A number of observers were perplexed by President Obama’s grand-strategy speech yesterday at the National Defense University. Was it an apologia or an apology? Did the speech mark a hardening of counterterrorism policies or the beginning of their end? The President seemed to want to do both. He may end up satisfying no one.
Obama was at once on the side of some of his fiercest critics, particularly with regards to targeted killing. And yet he mounted what is surely the most full-throated defense to date by any president of the commander-in-chief’s authority to order lethal drone strikes in the nation’s self defense. He insisted that the war on terror, like all wars, must end—“That’s what history advises. That’s what our democracy demands.” But there was little to hang onto in the way of commitments, timetables, or markers that will tell us how much closer we are to that end.
To the list of confusing and often contradictory propositions about the state of US national security, add these lines.
“Meanwhile, we strengthened our defenses—hardening targets, tightening transportation security, giving law enforcement new tools to prevent terror. Most of these changes were sound. Some caused inconvenience. But some, like expanded surveillance, raised difficult questions about the balance that we strike between our interests in security and our values of privacy.”
This was one of the rare moments of understatement in the President’s address. Decisions, often secret ones, to allow agencies of the federal government broader authorities to monitor the communications of Americans are among the most fateful actions undertaken in the war on terror. They have fundamentally transformed that balance of which the President spoke. And yet they have received precious little debate or reconsideration since the attacks of 9/11.
Perhaps it’s because the questions raised by expanded surveillance are so difficult that the President spent practically no time answering them. His lengthy speech was devoted to profound matters, namely interrogation, detention, and targeted killing, but those are policies that have directly affected a vastly smaller number of Americans than has broadened monitoring of phone calls, e-mails, and other personal data of millions of people.
There was no talk of NSA warrantless wiretapping. No mention of the Patriot Act. No discussion of amendments to the Foreign Intelligence Surveillance Act—amendments that Obama once opposed as a presidential candidate, and that have been the subject of a Supreme Court challenge. Nor did the President speak a word about threats to the nation’s cyber infrastructure, which has been a top action item for his national security team. Like expanded surveillance, strengthening the nation’s cyber defenses through greater monitoring of the Internet, which is what the administration is calling for, is freighted with implications for privacy and civil liberties.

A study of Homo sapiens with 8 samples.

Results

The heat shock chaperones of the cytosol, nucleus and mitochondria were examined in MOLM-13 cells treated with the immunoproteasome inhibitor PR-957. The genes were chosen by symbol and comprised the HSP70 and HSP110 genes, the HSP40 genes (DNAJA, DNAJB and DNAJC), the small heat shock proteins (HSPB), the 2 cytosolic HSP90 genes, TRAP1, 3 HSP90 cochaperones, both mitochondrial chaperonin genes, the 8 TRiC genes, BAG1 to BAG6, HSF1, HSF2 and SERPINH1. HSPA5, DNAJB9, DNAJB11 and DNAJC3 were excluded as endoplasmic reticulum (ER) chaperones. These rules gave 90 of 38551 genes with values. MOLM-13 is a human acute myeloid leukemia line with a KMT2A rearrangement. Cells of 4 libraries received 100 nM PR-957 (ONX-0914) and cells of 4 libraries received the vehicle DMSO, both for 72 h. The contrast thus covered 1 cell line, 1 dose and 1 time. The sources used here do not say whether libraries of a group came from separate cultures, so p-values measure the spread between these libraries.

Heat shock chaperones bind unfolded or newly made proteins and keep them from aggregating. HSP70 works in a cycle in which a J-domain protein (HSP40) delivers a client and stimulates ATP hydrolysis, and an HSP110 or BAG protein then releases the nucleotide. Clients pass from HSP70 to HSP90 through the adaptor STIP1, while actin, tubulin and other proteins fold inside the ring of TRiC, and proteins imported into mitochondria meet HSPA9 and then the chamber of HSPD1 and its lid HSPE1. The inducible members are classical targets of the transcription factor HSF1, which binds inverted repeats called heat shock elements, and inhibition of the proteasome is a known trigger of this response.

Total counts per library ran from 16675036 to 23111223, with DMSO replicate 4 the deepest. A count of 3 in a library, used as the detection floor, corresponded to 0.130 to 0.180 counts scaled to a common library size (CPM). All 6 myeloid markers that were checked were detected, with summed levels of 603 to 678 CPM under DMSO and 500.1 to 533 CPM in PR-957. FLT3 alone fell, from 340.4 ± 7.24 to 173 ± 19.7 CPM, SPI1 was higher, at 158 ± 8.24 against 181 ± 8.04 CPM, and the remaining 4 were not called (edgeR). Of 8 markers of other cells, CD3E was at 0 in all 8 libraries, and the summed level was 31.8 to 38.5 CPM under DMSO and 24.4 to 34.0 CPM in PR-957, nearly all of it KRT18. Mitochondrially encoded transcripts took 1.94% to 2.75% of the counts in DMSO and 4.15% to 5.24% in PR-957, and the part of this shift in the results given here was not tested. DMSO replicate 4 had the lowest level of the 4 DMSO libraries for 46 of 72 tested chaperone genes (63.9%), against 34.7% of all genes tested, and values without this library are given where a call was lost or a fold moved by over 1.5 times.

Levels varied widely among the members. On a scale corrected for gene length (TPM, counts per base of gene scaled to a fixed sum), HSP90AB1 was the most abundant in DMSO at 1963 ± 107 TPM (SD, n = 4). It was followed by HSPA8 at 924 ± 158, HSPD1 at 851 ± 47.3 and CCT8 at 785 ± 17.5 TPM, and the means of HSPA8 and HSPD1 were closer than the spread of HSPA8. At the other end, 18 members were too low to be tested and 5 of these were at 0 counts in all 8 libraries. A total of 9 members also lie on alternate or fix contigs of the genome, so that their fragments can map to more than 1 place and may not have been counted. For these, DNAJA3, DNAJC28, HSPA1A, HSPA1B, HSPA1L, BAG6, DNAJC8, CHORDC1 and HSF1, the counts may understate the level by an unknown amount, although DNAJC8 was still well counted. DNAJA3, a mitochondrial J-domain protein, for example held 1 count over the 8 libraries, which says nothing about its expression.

The only hint the President gave that he might be inclined to reexamine US surveillance policy came in a discussion of homegrown terror plots.
“[I]n the years to come, we will have to keep working hard to strike the appropriate balance between our need for security and preserving those freedoms that make us who we are. That means reviewing the authorities of law enforcement, so we can intercept new types of communication, but also build in privacy protections to prevent abuse.
“That means that—even after Boston—we do not deport someone or throw somebody in prison in the absence of evidence. That means putting careful constraints on the tools the government uses to protect sensitive information, such as the state secrets doctrine. And that means finally having a strong Privacy and Civil Liberties Board to review those issues where our counterterrorism efforts and our values may come into tension.“
Building privacy protections into the fabric of surveillance systems is much easier said than done. Paradoxically, it is the government’s deep-rooted obsession with secrecy and applying so many different levels of classification and control to intelligence that makes it hard to build a system that can uniformly protect personal information. Different agencies treat personal information according to different standards and regulations. There’s really not a one-size-fits-all proposition, and the government doesn’t have a viable plan to find one.
As for reviewing the authorities of law enforcement, there is no effort underway to repeal or curtail them. However, the administration is looking to expand the powers of law enforcement to monitor communications on the Internet.
And as for the Privacy and Civil Liberties Oversight Board, it’s no secret this has been one of the slowest-going, and to many, one the least effective counterweights to a widening net of digital monitors.
The President’s nod to “the balance that we strike” between security and privacy felt perfunctory. It seemed thrown in for appearances sake, like the also-confused passages about the need to prevent leaks of national security information without chilling journalists and their sources, which is precisely what the administration’s clamp down on leaks is designed to do.
On surveillance, there was nothing in the speech that suggested a change of course, a ratcheting down, or a return to pre-wartime footing. Having written at length on the history of this subject, I’d already concluded that the surveillance state was here to stay. I suppose the President’s speech makes it official. More or less.